Betting on Australian esports has traditionally been limited to international finals, qualifiers or the finals of major local events, regardless of the game in question.
That's starting to change, however, with a new Australian site allowing users from all around the world the opportunity to bet virtual skins on lower league Australian Counter-Strike matches for the first time.
SkinBet launched the beta version of their website today, with a more formal launch due next week. It's fairly barebones as far as sites go -- it's certainly not going to challenge larger global rivals such as Alphadraft or Draftkings for looks or functionality.
But its presence is important because it opens up matches for betting that have ordinarily been considered too unimportant. For those unaware of the context, I'm referring to the Cybergamer Main and Intermediate matches open for betting. (For those unaware, Cybergamer is Australia's largest and longest-running third-party site for video game tournaments.)
12 teams split across 2 groups currently make up the intermediate division, with another 12 teams in the main division. Coupled with the 8 playing in Cybergamer's highest league, it makes for a substantial amount of games that players can bet on over the course of a season.
Curiously, however, the new betting site appears to have not fully consulted before lower league matches were opened to betting. One of Cybergamer's Counter-Strike: Global Offensive admins said it would be possible to remove intermediate and main-level games from being open to bets if there was community consensus -- although it raises the question why that consensus was not sought out before SkinBet began accepting bets and inventory trades from players.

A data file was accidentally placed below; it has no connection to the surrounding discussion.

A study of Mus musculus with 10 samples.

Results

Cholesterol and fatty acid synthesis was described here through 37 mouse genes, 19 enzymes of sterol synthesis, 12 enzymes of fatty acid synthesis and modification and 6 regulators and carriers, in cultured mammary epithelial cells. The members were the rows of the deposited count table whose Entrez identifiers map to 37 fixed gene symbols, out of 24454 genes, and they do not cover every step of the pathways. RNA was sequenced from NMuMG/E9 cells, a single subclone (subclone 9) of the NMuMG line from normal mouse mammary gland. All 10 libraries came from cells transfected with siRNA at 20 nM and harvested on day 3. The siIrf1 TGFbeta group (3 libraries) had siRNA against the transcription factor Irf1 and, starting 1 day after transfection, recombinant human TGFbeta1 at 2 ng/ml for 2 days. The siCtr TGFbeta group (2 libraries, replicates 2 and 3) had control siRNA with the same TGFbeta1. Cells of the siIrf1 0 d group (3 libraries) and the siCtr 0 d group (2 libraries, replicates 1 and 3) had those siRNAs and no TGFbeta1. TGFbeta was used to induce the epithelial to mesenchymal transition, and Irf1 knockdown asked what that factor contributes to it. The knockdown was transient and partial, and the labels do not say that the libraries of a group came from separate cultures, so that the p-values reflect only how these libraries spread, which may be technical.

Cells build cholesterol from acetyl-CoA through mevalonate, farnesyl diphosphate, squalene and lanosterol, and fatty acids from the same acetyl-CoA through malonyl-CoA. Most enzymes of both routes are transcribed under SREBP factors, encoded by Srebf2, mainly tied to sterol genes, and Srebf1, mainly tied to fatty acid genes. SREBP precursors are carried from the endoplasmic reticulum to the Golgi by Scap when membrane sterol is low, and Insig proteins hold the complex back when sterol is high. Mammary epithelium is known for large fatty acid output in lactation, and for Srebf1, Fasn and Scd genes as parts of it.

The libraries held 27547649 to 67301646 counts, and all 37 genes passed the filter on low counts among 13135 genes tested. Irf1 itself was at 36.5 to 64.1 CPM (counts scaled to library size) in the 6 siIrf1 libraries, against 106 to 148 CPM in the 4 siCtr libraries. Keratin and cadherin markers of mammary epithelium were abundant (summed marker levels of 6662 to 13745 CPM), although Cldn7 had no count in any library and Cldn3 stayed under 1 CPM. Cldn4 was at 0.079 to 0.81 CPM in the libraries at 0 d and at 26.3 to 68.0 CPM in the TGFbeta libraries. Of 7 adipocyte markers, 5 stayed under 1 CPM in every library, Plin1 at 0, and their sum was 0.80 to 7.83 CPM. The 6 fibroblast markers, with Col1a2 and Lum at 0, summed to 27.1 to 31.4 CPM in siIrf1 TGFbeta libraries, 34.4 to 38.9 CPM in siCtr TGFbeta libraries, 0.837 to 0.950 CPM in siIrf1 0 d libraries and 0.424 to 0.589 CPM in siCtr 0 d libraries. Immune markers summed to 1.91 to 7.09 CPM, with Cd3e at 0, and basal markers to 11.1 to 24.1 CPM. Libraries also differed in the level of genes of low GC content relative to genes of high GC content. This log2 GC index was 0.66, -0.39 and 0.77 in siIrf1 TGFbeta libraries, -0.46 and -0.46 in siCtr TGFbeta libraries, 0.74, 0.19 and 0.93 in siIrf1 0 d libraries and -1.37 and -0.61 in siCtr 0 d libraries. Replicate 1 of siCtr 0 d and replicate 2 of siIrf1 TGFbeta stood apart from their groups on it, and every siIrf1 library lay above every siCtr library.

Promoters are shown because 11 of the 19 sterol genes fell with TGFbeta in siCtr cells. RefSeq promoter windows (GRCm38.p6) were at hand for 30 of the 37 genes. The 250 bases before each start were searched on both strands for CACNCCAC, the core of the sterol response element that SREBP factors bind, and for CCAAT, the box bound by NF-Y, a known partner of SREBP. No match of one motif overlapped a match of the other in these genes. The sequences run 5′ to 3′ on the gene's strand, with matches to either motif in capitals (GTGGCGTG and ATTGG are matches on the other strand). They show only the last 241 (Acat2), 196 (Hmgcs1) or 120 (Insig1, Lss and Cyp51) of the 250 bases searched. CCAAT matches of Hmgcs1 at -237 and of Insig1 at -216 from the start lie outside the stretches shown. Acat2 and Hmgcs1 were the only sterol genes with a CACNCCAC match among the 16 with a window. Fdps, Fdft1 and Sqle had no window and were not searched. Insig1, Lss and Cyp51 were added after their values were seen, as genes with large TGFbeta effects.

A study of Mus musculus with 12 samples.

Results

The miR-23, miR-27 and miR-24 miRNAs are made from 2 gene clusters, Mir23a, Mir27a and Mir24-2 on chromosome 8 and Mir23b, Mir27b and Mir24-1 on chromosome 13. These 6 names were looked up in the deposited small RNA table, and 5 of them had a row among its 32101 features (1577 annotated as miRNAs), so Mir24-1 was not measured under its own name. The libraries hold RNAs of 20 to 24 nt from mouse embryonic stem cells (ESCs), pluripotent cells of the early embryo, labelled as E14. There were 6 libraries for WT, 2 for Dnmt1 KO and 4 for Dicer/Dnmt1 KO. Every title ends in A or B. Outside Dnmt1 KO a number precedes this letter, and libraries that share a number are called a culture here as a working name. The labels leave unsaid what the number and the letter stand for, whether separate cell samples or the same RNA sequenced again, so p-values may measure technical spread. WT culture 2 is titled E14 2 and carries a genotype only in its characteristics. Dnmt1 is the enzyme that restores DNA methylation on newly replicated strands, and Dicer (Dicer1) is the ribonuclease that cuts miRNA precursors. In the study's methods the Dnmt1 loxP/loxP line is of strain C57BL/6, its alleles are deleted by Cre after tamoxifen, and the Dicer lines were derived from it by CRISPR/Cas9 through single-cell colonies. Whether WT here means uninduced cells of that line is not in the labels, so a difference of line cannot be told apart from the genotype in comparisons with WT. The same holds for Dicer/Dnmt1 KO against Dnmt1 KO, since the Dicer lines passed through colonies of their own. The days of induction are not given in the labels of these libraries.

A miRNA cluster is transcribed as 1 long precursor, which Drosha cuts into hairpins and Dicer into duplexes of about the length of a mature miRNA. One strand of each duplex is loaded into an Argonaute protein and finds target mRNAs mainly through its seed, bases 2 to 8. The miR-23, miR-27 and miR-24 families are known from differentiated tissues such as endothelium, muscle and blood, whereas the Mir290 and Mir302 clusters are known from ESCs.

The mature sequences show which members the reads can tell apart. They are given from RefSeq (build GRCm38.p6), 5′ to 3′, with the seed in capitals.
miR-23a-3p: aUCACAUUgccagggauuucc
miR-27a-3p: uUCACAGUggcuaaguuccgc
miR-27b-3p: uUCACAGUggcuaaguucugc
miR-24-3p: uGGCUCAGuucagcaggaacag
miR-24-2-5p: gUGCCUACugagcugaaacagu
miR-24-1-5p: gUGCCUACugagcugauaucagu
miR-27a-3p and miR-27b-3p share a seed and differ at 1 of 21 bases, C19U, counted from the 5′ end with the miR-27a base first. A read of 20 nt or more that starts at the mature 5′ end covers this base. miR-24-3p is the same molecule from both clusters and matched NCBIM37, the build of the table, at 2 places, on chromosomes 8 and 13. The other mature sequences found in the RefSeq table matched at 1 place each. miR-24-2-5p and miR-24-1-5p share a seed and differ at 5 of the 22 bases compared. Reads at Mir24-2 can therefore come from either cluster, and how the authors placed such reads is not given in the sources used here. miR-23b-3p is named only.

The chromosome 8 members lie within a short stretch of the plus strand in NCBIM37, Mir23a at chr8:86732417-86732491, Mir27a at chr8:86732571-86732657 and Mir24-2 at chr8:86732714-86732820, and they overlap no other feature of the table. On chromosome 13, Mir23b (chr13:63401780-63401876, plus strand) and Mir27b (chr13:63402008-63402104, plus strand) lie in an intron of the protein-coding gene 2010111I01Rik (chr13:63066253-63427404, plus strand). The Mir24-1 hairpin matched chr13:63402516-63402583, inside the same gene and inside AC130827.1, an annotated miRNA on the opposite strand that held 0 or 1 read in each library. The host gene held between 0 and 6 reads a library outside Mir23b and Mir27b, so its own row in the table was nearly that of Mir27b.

Players and observers have already questioned the wisdom of the move and the potential for players to be influenced to throw matches as a result. SkinBet and Cybergamer both have rules against this, although it's not yet confirmed whether Valve would extend permanent bans to players banned for match fixing in lower level online competitions.
First place for the top echelon of online competition in Australian CSGO is $3500, with $1500 for second
Concerns about integrity aside, the presence of SkinBet marks a reality that the wider esports community has seen coming for a while. Fantasy betting and skin trading is already enshrined within the CSGO and Dota 2 communities; the sale of stickers alone is becoming increasingly lucrative for international stars and their organisations.
The expansion of real money betting into local tournaments also seems inevitable. Weekly games in League of Legends Oceanic Pro League, the Call of Duty World League, or major tournaments for the fighting game community, such as the OzHadou nationals, Shadowloo Showdown or Battle Arena Melbourne, are just some of the regular fixtures in the local esports calendar that sites and bookmakers could investigate.
The more interesting question is what the response will be from legislators, given that SkinBet is registered in Australia. Will local skin trading/betting sites will be treated the same as their real-money counterparts (such as the Moneyball daily fantasy sports site), or will a much stricter approach be taken?